Planned Parenthood is fighting for its very existence.
Since 2011, the U.S. House of Representatives has voted to defund Planned Parenthood in every budget authorization measure.
At least five states have stripped funding for PP, a move that affects hundreds of thousands of women who don't have resources to afford basic health care like annual mammograms, PAP smears and wellness checkups.
Still other states - Arizona, Mississippi and Wisconsin - have enacted harsh new restrictions on clinics, including those requiring doctors to carry expensive insurance policies in order to provide health care and abortions, and new standards for the size of medical exam and operating rooms.
So it was shocking to read a recent op-ed in The New York Times by Campbell Brown, the "No Bias, No Bull" former CNN anchor, criticizing Planned Parenthood for being too partisan in its candidate endorsements.
In the first place, its author is an unlikely choice to write such an opinion. What, after all, has she done or said in the past on the issue of abortion? Or defuding of Planned Parenthood and its clinics? Or reproductive choice? Or, for that matter, the flap over Komen's move earlier this year to deauthorize grants to Planned Parenthood?
It's not that people like Brown can't weigh-in on important social policy issues. But why now? Out of the blue? Why is her opinion on this any more significant than, say, writers who actually report from the front lines of the culture war? And why The New York Times? Did I miss the part where Brown actually gained street cred on women's reproductive rights? Really! Where has she been - in her role as journalist - on the raging debate over abortion and reproductive choice in this country?
There is also - and maybe more importantly - the wide range of options for criticism she had available for her article: the GOP, nationally and in state legislatures, specific GOP leaders in states like Arizona, or Texas, or Michigan, or Mississippi; the Catholic Church. But this was absent in her article.
Honestly, when I read this article, my first thought was, "Nothing like hitting an organization when it's down and fighting like hell for its survival."
Too bad, really, that she punted on a grand opportunity - with her name recognition - to chastise the Catholic Church for its unwillingness to compromise on women's health care, or its unwillingness to compromise on the Affordable Care Act, generally. Or, its pit-bull efforts to muzzle Nuns who publicly disagree with the all-knowing Catholic brotherhood.
Instead of doing the hard, unpopular-but-more-honest-thing by taking on an institution that is so blinded by its anti-abortion and anti-women sentiment and beliefs that it is now willing to bring down health care reform via its Fortnight for Freedom and by its refusal to accept the Obama Administration compromise on contraceptive coverage for religious institutions, Brown took the easy route: swinging at Planned Parenthood for not supporting so-called pro-choice Republicans - one of whom, Sen. Susan Collins of Maine - has called their decision "infuriating".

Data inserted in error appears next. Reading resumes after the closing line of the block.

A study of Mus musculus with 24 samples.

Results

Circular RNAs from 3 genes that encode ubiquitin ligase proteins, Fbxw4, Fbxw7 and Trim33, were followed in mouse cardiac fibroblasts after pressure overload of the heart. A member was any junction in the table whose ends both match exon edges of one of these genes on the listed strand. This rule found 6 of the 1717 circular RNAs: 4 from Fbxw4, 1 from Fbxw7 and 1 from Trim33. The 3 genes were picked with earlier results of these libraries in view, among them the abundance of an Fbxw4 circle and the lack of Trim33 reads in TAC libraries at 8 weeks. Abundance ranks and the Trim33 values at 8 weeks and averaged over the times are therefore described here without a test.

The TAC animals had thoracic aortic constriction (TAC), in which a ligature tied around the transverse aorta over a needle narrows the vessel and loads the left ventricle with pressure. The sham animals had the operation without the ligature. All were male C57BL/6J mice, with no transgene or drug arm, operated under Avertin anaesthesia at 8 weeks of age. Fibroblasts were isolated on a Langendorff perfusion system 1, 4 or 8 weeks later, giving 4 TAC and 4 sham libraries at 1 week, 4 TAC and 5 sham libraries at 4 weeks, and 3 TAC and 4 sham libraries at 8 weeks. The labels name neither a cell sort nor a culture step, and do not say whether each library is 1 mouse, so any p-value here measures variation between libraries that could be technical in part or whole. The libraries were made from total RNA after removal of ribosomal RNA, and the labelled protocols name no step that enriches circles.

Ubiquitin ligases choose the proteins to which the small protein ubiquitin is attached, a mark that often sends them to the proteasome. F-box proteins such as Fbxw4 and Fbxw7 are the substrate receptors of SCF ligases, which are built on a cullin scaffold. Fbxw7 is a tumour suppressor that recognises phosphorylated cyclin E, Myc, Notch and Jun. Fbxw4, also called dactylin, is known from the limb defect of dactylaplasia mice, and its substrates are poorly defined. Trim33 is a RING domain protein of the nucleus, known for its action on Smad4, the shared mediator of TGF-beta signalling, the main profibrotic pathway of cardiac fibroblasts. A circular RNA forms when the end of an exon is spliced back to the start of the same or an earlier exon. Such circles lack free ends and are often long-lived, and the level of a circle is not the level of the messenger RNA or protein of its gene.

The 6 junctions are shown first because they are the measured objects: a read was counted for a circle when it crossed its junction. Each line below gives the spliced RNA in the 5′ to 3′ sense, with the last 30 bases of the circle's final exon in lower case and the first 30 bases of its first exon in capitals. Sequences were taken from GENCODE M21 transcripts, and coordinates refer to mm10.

Brown's article is what's infuriating, particularly because of its one-sidedness.
I'd also call "infuriating" Collins' 'no' vote on Paycheck Fairness (along with every other female GOP senator). Or, GOP women senators' vote to cut SNAP funding. Let's remember that SNAP benefits many of the same women that utilize Planned Parenthood clinics.
And while Collins is generally pro-choice, she hardly stands with women on other important policy matters: she voted against the Campus Sexual Violence Elimination (SaVE) Act, for example, and the Teachers and First Responders Back to Work Act of 2011.
And she voted for the Continuing Appropriations Act of 2011, which would have cut some $60 billion from federal government spending, and for the Cut, Cap and Balance Act, which would have devastated funding for safety net programs that many women and children depend on, especially during the harsh economic time we currently face.
So, what's really behind Brown's attack on Planned Parenthood?
Might it have something to do with her own political connections? She's married to Dan Senor, a Mitt Romney senior campaign advisor. The same Mitt Romney who has vowed to "get rid of" Planned Parenthood.
But this fact wasn't disclosed anywhere in the article. Tsk, tsk. Brown could use a refresher in journalistic ethics.
This fact alone makes her concern for Planned Parenthood's "self destructive behavior" suspect.
It's useful in discussions about partisanship to disclose one's own partisan affiliation before throwing stones.
It's also useful to remember that Planned Parenthood did not start the war on women. That distinction belongs to the GOP and the Catholic Church, frequently working hand-in-glove to keep women in our place, belittle, humiliate, shame and silence us in every way possible - using religious freedom as a cudgel to do so. Talk about partisanship!
Where, exactly, is their compromise? Where's their nonpartisanship? Where's their willingness to bend and do the right thing for a majority of this country's citizens? To be less "calcified"?
Perhaps more to the point: Planned Parenthood isn't kneeling in submission. They're fighting back - using perfectly legitimate tools at their disposal - exactly like the Catholic Church is doing.